Griffin declined to say where he spent the bye week, but said he elected to “get away from the familiar” rather than vacation in his home state of Texas. His intent: “Just clear my head, make sure I came back even hungrier.”
He added: “I thought I was hungry before the bye week. But you come back and realize how much more energy you have. . . . You know that everybody’s looking at me to be the guy to make everything work.”
Griffin’s teammates are indeed looking to him to lead their improbable quest to become only the fourth team since 1990 to reach the playoffs after opening a season with a 3-6 record.
As testament, the players observed their midseason tradition of adding a new captain for each side of the ball by selecting Griffin to join the incumbent, Trent Williams, as co-captain of the offense.
“I was trying to think if I’ve ever had a rookie captain. I don’t believe I ever have,” said Redskins Coach Mike Shanahan, in his 19th season at the helm of an NFL team. “You get a guy like Robert Griffin, a rookie coming in, to get voted right away, it’s very hard to vote a rookie to be your captain. But midway through the season, you say, ‘Hey, he’s our leader.’ ”
Griffin took the honor in stride. He has led by example since he walked through the doors at Redskins Park, and has carried the offense so far. But he earned his teammates’ trust by his inclusive manner rather than a sense of entitlement.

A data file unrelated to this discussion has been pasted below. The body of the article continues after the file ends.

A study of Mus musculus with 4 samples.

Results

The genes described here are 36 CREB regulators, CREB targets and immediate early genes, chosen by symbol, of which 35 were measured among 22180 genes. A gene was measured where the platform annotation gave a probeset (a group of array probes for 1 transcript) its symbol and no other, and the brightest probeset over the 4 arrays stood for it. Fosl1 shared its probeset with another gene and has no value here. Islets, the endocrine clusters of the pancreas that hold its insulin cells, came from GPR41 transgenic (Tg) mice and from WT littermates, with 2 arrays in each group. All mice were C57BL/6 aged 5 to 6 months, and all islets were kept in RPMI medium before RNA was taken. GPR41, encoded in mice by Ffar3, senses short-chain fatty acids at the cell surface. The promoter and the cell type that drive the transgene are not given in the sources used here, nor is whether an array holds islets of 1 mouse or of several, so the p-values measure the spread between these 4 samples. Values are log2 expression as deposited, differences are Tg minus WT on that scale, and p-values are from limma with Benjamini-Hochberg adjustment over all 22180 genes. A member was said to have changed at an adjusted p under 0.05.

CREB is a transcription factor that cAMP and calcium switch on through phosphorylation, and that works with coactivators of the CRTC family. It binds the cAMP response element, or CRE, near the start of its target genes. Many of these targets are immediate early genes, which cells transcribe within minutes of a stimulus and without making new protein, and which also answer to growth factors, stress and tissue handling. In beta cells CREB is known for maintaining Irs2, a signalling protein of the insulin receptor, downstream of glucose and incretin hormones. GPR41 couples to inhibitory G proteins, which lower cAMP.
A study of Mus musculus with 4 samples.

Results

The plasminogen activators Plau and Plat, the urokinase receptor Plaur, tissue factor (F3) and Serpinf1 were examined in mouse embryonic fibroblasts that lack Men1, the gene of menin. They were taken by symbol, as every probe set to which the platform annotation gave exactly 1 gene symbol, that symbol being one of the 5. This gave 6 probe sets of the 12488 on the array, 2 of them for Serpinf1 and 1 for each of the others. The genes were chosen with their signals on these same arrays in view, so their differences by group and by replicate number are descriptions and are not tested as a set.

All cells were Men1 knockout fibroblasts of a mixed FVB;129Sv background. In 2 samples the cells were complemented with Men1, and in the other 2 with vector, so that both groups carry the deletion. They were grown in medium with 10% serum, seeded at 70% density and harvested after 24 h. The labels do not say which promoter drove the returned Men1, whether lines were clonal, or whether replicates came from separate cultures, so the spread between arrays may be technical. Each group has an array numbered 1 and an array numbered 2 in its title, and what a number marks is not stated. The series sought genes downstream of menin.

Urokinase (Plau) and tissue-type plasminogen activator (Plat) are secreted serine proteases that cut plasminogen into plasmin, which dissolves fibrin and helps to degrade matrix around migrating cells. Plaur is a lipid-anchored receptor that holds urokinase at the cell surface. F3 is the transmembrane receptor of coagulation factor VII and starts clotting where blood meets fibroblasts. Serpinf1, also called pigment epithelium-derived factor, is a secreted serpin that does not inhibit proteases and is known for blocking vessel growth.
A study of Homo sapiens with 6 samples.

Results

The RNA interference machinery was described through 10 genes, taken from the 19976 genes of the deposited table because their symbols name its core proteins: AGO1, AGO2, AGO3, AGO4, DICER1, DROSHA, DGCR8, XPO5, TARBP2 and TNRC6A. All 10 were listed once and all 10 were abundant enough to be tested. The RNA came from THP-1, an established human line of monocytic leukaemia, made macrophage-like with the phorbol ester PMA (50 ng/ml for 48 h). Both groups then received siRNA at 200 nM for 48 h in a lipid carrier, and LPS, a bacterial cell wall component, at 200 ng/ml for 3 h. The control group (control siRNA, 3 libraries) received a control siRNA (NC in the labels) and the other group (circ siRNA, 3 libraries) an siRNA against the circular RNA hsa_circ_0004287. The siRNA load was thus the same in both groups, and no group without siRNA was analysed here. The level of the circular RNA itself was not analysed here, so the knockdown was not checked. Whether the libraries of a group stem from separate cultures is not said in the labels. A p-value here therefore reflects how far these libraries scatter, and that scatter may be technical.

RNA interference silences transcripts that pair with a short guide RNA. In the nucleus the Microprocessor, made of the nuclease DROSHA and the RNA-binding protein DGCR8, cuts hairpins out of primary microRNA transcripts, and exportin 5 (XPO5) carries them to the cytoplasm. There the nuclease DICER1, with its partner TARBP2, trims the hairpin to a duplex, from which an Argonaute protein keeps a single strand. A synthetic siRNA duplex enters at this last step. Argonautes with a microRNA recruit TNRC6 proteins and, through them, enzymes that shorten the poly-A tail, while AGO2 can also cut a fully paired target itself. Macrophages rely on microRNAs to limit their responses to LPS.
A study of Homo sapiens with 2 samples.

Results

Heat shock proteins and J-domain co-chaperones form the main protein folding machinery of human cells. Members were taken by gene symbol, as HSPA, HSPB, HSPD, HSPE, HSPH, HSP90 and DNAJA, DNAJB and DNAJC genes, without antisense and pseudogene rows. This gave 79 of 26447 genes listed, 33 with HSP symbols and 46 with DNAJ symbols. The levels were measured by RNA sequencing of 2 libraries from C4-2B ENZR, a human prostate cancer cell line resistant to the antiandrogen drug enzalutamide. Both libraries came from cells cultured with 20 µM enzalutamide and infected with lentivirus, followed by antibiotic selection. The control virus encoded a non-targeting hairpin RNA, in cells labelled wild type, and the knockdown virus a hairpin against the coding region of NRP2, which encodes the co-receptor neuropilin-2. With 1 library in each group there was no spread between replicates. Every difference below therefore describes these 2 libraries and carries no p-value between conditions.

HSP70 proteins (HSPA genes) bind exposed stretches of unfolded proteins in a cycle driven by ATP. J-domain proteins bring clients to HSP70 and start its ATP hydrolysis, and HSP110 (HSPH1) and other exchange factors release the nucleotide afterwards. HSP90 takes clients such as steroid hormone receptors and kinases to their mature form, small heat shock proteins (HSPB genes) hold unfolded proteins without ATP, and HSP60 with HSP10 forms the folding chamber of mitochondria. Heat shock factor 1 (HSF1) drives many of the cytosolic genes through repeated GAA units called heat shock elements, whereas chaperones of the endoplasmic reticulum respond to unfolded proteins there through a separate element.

“Being the quarterback, you’re going to get a lot of excitement around you, especially in a city like this one,” Griffin said. “They’ve been hungry for a victoryfor a long time. I plan to be the guy to bring it to them, as the leader of the team. But like I’ve told everybody, it’s not just myself out there. All these guys put in a lot of work, and it’s going to pay off. People are going to see.”
Through nine games, Griffin has put up impressive numbers. He ranks ninth in the NFL with a passer rating of 93.9 and eighth with a 65.6 completion percentage. Griffin has passed for eight touchdowns while throwing only three interceptions, and has rushed for another six. Houston running back Arian Foster has rushed for 10, and Minnesota’s Adrian Peterson, Baltimore's Ray Rice, the Giants’ Andre Brown and Tampa Bay's Doug Martin have rushed for seven apiece.
But Griffin believes that there is more that he can do. He talked about eliminating negative plays and improving his accuracy on passes.
“The way I look at it,” he said, “I’m my hardest critic, and my dad is also my hardest critic. If you have a pass that’s not where it needs to be, you fix that. I’m all about fixing my mistakes. . . . You continue to do what you did to get to this point, whether it’s technique, film work, just being great and approaching every practice like it’s your last practice, like it’s a game.”
According to wide receiver Santana Moss, Griffin continues to do just that.
“I just know the guy’s always been hungry, the guy’s always been direct with everything he tries to do, and he goes to work hard every day,” Moss said.
Washington kicks off a three-game stretch against NFC East opponents Sunday. All three teams are struggling. Philadelphia (3-6) has lost five straight, Dallas (4-5) has lost three of its past five, and New York (6-4) has lost two straight.
The Redskins have little margin for error in their mission to earn their first playoff berth since 2007. But Griffin believes they can dig their way out of the hole little by little.
“For us, the biggest thing is one game at a time,” he said. “You don’t look at the future, because you have to take care of what you have in front of you. So, what am I saying? Yeah, I think playoffs are a realistic goal for us, and there’s not a player in that locker room that doesn’t believe that.”